Checking ESR on old caps before recapping


Post by pugix » Thu Apr 01, 2021 10:00 am

I recapped three Power One supplies before I got an ESR meter.

https://pugix.com/synth/recapping-power-one-supplies/

When I got to the fourth, I tested the ESR with the in-circuit tester, a Signstek MESR-100 V2. All the caps tested good for ESR. So for the time being, I've held off on recapping this one. I suppose it doesn't hurt to replace good caps, but I'm confused about how to decide to recap a power supply. I've watched a number of videos on reforming old electrolytic caps in vintage equipment, but I'm not sure those are relevant. How do you decide to recap? Just age of the supply?

An aside: I tested a bunch of new electrolytics in my stock and found one bag of them to all have too high ESR. Thought that was kind of weird, but I had bought them a long time ago (10 years maybe).


Post by MikeDB » Thu Apr 01, 2021 11:15 am

Try biasing the high ESR caps with about 50% of their rated voltage for a week. Doesn't always work as electrolytics can do this in various ways, but saves throwing them.

As for recapping, I'd say most of the time it isn't necessary, but if you are taking a mixer or complex synth apart it saves having to do it later on.


Post by KSS » Sun Apr 04, 2021 7:13 pm

pugix wrote:
Thu Apr 01, 2021 10:00 am
how to decide to recap a power supply.
Oscope and load. Variable load preferred. <--Can be several power resistors and a switch to introduce different load and transients.
Above assumes you don't have dedicated electronic variable load*. <--One might press a synth into such duty.
*There are articles oline to build them.
But a scope and a load is the first part of the answer. Followed by testing under its intended load. Initial in circuit testing is good also, as long as the PSU is confirmed as not creating issues for whatever it's attached to. The difference between I've got this thing that's working but I wonjder if it could be working better vs I just got this thing that's been sitting around -or has unknown history. <--Test this one's PSU separate from its circuit first!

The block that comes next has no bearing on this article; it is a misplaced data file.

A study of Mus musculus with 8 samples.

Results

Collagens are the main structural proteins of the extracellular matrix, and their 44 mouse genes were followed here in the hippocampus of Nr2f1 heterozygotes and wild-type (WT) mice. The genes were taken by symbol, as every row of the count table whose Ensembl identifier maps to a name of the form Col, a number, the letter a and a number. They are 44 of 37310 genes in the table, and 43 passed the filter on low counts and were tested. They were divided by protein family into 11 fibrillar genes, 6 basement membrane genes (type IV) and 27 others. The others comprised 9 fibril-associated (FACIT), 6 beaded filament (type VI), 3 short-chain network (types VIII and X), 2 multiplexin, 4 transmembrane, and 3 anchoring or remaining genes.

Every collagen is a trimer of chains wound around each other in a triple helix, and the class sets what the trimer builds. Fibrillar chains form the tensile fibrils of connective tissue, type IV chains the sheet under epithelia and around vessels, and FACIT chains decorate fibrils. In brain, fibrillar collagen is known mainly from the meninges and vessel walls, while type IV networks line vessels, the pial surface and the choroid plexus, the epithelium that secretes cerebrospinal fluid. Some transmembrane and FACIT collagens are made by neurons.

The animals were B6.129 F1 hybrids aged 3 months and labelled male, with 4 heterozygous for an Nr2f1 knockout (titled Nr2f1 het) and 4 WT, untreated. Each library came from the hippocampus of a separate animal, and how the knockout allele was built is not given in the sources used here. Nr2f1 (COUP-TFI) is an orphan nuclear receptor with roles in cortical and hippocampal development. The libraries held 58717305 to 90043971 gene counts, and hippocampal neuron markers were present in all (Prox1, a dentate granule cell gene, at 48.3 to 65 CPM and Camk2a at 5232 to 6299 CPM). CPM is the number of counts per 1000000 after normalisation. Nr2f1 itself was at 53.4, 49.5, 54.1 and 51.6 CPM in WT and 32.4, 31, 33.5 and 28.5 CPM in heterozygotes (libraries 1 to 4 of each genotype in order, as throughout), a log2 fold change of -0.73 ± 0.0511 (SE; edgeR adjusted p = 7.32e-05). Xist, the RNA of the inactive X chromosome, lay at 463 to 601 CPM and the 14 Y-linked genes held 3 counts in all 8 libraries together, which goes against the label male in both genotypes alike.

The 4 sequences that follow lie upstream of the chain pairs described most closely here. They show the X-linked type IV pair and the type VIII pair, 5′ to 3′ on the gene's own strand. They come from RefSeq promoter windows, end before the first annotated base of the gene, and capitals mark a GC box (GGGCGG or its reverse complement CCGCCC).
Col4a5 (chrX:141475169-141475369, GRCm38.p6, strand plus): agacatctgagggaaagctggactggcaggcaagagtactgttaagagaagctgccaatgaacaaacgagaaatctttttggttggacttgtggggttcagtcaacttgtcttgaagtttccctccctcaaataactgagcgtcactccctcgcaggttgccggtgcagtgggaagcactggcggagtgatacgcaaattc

I've watched a number of videos on reforming old electrolytic caps in vintage equipment, but I'm not sure those are relevant.
Sure they are. Details matter though. The online 'recap wars' have led to MUCH needless recapping and replacement of caps known to be really good and with great long life. AKA don't throw out the baby with the bath water. And if it aint broke.. But reforming is a real thing and can extend the life of some NOS and long idle caps.*
How do you decide to recap? Just age of the supply?
See above. I've never used it's old as a primary reason. There needs to be something else bsides that driving the decision. I'm in there already -as MikedB said- *may* be worth it. Depends greatly on how hard whatever you're inside of is to get inside again later!
The *best* decider is a scope and a load, followed by its actual load in working configuration and scoped.
An aside: I tested a bunch of new electrolytics in my stock and found one bag of them to all have too high ESR. Thought that was kind of weird, but I had bought them a long time ago (10 years maybe).
Yes. Leakage isn't -solely- dependent on time in circuit. But again -and as you found- they don't all age the same. I tend to avoid the surplus avenue for elcaps.

*But -and it's a big one- look carefully into what you're putting in new. This isn't the place for no-name caps. 105 used mean something, now it can just be a marking intended to help sales. You can find many photos online of big caps with different little caps inside them. And I'm not talking about those in old tube circuits. Buyer beware -and aware- is more important than ever. If the caps you're replacing are intended as power filters, then be sure to use caps RATED FOR THAT USAGE. It's not the same as any other elcap.

Edit: Anyone working regularly on synths should have at least a pair of 12 and a pair of 15 ohm power resistors, and a few 5ohm too. Parallel sand types can be fine, but nothing really beats the aluminum integrated heatsink types. Mount them on a plate with fan intended to keep CPUs cool and you've got a good means to test PSU basics.

Post by EATyourGUITAR » Mon Apr 05, 2021 10:27 am

If you have the ESR meter you still need to know how to use it. The ESR readings that you get fall into 3 categories. 4 if you include the "it's dead jim" category. The super low ESR caps are designed for use in computer motherboards. If you follow an online guide for repairing a computer you may have unrealistic expectations of what could be normal acceptable levels of ESR for a synthesizer. If you get good at identification of the make, model, age of a capacitor then you also have real data from datasheets so that you can also know exactly when a cap is out of spec, in spec, almost out of spec (near end of life).